You can verify all of this from the Weber handbook on the 32ADF: https://www.mirafiori.com/forum/viewtop ... 69&t=96376
Idle operation, summarized: Fuel from the float bowl is drawn through a passageway, infused with air, drawn through the idle jet, down a vertical passageway, and through the mixture screw.
Progression operation, summarized: The increasing angle of the primary throttle progressively shuts off fuel delivery through the mixture screw and begins fuel delivery through progression holes (metered by the idle jet) and finally the primary main jet. When the primary throttle reaches about 3/4 open the secondary throttle begins to open, causing fuel to deliver through progression holes (metered by the secondary jet) and finally, the secondary main jet.
Here is the actual text from Weber:
Other fun facts:
- If the primary idle jet is too small for the motor then the car may run with the screw turned out from fully seated, but continuing to turn it makes no difference at all in operation, it neither speeds up nor slows down
- If the primary idle jet is correct then the car will run with the screw turned out from fully seated and will increase in speed as the screw is extracted further and decrease as the screw is inserted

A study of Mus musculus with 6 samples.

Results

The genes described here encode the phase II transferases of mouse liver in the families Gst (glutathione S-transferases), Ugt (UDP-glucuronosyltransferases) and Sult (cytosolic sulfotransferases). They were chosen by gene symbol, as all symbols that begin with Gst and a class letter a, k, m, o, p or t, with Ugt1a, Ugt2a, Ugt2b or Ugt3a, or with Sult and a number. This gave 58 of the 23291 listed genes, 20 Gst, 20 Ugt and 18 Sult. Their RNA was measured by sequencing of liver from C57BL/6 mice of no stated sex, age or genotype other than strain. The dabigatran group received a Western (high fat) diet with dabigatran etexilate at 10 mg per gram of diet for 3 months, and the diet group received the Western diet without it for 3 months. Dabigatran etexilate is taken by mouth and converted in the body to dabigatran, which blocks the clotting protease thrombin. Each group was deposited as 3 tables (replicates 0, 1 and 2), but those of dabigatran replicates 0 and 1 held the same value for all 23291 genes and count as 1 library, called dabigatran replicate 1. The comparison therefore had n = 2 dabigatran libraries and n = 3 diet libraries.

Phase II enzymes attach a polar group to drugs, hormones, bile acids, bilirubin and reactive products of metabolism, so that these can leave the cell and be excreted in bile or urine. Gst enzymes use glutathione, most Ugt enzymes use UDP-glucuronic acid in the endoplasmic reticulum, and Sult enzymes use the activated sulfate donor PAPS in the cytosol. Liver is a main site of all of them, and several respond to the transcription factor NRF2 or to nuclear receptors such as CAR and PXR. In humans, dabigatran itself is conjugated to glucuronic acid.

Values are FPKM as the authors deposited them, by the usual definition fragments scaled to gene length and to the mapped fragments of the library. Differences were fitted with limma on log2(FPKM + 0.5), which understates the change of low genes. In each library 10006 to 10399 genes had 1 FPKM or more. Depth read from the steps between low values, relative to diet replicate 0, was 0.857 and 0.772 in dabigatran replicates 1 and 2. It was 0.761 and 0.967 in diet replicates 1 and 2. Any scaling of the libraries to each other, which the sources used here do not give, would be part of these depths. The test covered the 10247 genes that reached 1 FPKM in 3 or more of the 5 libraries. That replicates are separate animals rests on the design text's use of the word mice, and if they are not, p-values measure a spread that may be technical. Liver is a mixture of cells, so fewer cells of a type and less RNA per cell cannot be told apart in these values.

- If the primary idle jet is too large then the car will run rich with the screw at any position.
"Jet" is really not a good name, as the "jet" is really just a calibrated orifice and isn't exposed to the air stream at all. If you look at an idle jet it has a side hole and a nose hole. Fuel passes through the nose through the side and onto the chamber. All jets - main, idle, air - calibrate fuel or air in passageways, the passageways feed either the mixture screw orifice (primary side) or progression holes drilled into the side of the carb.
Idle mixture is not set with the idle speed screw(s) and rarely are they set correctly. A car without air leaks and a good clean carb car should idle - roughly - on the mixture screw alone at about 700 - 750 RPM, the idle speed screw brings it up to 850-900 RPM.
If you've ever had a FIAT with a failed idle cut off switch then you know exactly what this means - the car runs just fine except at idle because there is nothing feeding fuel to the motor with the primary idle jet shut off.